Importance: When in-person rehabilitation is not feasible, interventions delivered in remote telephone-based sessions may be an option.
Objective: To determine whether telephone-based reality orientation therapy (T–ROT) can improve cognition, mood, and neuropsychiatric symptoms among patients with major neurocognitive disorders (NCDs) who are forced to isolate and also whether T–ROT can relieve the burden of distress among their caregivers.
Design: Nonrandomized interventional comparison study.
Setting: Individual telephone calls between practitioners and patients and their caregivers.
Participants: Twenty-seven patients (14 in the experimental group, 13 in the control group) with a major NCD and their primary caregivers.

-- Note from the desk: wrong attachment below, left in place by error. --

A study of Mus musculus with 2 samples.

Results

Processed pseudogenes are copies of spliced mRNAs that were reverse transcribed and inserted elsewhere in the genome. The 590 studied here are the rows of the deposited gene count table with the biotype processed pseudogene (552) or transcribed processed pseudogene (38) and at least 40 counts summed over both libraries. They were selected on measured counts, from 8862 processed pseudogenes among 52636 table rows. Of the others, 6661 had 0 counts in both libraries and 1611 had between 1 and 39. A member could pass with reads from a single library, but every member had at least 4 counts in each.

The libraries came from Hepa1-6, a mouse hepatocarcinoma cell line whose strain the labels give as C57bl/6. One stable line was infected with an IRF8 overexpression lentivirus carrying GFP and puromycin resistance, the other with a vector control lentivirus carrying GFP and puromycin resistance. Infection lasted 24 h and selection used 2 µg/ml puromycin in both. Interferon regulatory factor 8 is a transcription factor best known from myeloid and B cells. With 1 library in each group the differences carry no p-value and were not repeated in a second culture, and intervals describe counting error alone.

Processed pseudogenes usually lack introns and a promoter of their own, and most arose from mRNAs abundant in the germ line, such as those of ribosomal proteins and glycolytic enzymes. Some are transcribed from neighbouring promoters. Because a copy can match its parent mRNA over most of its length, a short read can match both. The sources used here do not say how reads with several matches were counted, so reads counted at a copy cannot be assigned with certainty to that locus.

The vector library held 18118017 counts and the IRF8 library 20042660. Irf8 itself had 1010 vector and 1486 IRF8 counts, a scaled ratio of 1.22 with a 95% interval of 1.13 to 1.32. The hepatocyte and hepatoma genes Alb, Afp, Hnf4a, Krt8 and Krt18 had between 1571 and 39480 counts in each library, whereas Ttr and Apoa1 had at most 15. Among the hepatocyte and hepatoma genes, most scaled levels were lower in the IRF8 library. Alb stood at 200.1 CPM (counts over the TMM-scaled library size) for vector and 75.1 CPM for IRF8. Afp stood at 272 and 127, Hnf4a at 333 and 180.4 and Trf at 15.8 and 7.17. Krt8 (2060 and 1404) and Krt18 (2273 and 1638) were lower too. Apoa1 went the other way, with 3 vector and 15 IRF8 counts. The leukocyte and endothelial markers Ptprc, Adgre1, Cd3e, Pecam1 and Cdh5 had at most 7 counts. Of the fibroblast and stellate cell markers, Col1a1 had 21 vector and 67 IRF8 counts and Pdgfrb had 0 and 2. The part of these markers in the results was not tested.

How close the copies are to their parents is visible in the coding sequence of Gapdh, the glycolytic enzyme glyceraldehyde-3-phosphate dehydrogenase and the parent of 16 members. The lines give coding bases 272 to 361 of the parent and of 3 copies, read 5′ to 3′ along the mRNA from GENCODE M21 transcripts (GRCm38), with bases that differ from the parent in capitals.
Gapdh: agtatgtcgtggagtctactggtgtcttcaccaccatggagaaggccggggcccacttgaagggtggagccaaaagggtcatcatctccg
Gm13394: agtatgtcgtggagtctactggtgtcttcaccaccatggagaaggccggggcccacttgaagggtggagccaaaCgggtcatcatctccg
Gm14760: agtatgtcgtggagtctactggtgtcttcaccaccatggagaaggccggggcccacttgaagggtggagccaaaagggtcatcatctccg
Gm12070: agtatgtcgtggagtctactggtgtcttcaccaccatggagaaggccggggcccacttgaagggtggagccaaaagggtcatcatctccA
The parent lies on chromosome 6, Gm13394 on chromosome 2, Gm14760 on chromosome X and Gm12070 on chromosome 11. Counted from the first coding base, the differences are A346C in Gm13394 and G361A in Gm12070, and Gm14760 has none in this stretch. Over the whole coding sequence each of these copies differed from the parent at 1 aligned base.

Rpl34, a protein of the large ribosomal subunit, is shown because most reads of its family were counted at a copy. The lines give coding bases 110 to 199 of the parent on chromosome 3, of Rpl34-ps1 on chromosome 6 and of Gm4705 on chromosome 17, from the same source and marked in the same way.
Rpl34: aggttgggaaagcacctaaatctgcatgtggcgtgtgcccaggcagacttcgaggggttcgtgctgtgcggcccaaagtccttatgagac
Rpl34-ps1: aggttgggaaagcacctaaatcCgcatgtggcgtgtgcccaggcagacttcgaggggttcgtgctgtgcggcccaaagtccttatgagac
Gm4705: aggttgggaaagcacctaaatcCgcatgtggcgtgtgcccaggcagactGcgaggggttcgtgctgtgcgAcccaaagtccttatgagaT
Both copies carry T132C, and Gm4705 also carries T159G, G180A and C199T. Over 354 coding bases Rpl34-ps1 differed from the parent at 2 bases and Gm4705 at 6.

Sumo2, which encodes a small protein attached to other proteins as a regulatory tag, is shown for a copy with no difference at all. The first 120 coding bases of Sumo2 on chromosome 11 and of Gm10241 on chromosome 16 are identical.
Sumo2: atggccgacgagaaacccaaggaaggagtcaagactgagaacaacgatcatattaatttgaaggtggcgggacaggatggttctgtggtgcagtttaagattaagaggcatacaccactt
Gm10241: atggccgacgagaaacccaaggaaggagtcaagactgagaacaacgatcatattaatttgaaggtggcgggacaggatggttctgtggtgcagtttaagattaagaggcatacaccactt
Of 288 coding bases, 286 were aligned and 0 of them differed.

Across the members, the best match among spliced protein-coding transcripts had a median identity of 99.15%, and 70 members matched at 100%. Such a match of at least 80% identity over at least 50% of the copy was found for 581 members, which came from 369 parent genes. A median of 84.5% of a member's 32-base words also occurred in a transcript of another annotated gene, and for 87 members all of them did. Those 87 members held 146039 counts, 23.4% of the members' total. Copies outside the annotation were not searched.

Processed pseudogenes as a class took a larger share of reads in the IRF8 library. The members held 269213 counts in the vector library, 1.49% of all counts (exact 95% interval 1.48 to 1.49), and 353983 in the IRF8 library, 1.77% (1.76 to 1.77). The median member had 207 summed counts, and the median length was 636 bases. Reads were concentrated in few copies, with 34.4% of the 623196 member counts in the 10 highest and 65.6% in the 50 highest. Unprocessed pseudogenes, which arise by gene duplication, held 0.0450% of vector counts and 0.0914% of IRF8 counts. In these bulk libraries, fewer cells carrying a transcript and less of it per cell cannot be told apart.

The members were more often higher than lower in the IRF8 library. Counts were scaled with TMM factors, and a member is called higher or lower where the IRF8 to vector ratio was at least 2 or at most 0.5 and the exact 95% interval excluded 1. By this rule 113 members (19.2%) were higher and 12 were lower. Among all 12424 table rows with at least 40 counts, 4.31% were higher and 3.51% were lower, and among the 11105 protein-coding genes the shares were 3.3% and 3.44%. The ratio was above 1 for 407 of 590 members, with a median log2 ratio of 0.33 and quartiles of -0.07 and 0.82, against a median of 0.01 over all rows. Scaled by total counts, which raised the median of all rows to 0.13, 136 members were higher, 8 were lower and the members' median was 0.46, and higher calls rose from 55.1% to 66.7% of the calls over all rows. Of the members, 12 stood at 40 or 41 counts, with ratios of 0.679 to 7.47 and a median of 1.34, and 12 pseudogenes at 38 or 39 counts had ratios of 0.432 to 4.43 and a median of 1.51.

Intervention: Ten T–ROT sessions and a pretest–posttest neuropsychological evaluation over 4 wk.
Outcomes and Measures: Outcomes measured included cognitive and behavioral symptoms of patients with major NCDs and correlations between changes in patient clinical condition and caregiver stress. Primary outcome measures were two measures of depressive symptoms, the Neuropsychiatric Inventory Questionnaire and the Telephone Mini-Mental State Examination, administered at baseline and program discharge.
Results: T–ROT significantly outperformed nontreatment on all measures of depression, behavior, cognition, and caregiver burden.
Conclusions and Relevance: T–ROT combined with emotional support appears to be an effective intervention for monitoring and managing the behavioral symptoms of patients with major NCDs who are forced to isolate.
What This Article Adds: Occupational therapy practitioners can use T–ROT or similar procedures not only during a pandemic but also when it is not possible to treat patients in person at a hospital or at home. Telephone-based treatment may also represent a good practice to be integrated into traditional rehabilitation programs.